The course studies Banach spaces and operators acting on them, thus providing an introduction to an important branch of modern infinite-dimensional linear analysis.
To be precise, the starting point of the course is the following classical theorem of F. Riesz.
Let T be a compact operator on a Banach space X, and let I be the identity operator on X.
- the operator I+T has finite-dimensional kernel, and its image is closed and has finite codimension in X;
- there is a non-negative integer n such that the kernel of (I+T)n is equal to the kernel of (I+T)n+1 and the image of (I+T)n is equal to the image of (I+T)n+1;
- each non-zero point of the spectrum of T is an eigenvalue for T,
and 0 is the only possible accumulation point of the spectrum of T.
The first part of the course is devoted to the study of these properties and their interrelationship, starting from a purely algebraic viewpoint.
In the second part of the course, we shall introduce the concept of a Schauder basis for a Banach space. This is the natural analogue of an orthonormal basis for a Hilbert space, or a Hamel basis for a vector space; note, however, that in contrast to these examples, a Banach space may not have a Schauder basis.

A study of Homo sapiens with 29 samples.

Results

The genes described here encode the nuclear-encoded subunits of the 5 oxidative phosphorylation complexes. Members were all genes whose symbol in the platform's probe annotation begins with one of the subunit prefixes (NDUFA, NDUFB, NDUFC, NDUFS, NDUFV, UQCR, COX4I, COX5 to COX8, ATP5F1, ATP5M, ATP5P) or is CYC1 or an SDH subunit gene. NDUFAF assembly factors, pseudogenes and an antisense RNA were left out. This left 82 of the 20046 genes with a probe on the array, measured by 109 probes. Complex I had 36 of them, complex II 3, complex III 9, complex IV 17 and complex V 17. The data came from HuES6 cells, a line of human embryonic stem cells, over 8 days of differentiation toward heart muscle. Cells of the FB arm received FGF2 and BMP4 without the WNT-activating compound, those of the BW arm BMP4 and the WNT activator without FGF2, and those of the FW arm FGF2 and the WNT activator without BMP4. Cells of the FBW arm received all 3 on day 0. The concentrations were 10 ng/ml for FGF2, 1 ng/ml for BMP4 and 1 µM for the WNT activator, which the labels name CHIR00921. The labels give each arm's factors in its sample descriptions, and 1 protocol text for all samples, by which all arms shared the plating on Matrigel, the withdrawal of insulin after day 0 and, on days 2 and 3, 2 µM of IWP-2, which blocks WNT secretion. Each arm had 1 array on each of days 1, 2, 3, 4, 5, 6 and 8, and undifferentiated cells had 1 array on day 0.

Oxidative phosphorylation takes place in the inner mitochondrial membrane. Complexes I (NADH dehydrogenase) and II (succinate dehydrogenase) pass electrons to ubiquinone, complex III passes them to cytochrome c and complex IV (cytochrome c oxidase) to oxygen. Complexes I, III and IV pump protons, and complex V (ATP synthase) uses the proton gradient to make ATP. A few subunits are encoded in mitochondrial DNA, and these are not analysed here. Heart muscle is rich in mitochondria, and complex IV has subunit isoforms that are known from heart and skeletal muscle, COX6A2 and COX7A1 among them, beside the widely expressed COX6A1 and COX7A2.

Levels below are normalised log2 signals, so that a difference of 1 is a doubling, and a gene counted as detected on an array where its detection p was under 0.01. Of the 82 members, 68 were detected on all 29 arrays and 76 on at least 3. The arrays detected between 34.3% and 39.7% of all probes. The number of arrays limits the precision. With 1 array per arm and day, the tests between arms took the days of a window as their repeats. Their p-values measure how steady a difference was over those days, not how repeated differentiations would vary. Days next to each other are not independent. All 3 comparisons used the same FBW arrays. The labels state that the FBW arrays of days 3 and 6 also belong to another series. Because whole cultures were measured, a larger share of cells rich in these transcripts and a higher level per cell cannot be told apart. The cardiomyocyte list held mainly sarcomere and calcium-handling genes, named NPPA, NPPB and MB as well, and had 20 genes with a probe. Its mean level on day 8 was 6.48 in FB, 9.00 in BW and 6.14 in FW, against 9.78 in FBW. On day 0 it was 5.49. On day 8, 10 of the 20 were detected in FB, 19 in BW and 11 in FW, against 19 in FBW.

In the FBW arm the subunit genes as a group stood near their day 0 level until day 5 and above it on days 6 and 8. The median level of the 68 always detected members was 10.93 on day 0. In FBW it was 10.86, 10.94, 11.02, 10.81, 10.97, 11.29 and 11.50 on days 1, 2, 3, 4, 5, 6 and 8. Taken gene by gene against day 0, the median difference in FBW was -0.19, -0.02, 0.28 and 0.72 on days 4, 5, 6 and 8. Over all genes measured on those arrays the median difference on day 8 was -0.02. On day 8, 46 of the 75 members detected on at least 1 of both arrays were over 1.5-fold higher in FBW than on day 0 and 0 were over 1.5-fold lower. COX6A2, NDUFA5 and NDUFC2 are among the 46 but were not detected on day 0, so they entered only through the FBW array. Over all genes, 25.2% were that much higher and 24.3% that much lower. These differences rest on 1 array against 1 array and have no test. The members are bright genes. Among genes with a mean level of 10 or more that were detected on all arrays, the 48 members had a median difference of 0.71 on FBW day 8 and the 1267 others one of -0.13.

As an application of Schauder bases we shall prove that the ideal of compact operators is the only non-trivial closed ideal in the ring of all bounded linear operators on each of the classical sequence spaces lp
(for 1 ≤ p < ∞) and c0
; this result is due to Calkin (1941) for p=2 and to Gohberg, Markus, and Feldman (1960) in the general case.
Outline of syllabus:
Index theory for Fredholm operators; Riesz operators and inessential operators; Schauder bases in Banach spaces; Gohberg-Markus-Feldman's characterization of the closed ideals in the classical sequence spaces.
No prerequisites information is available yet.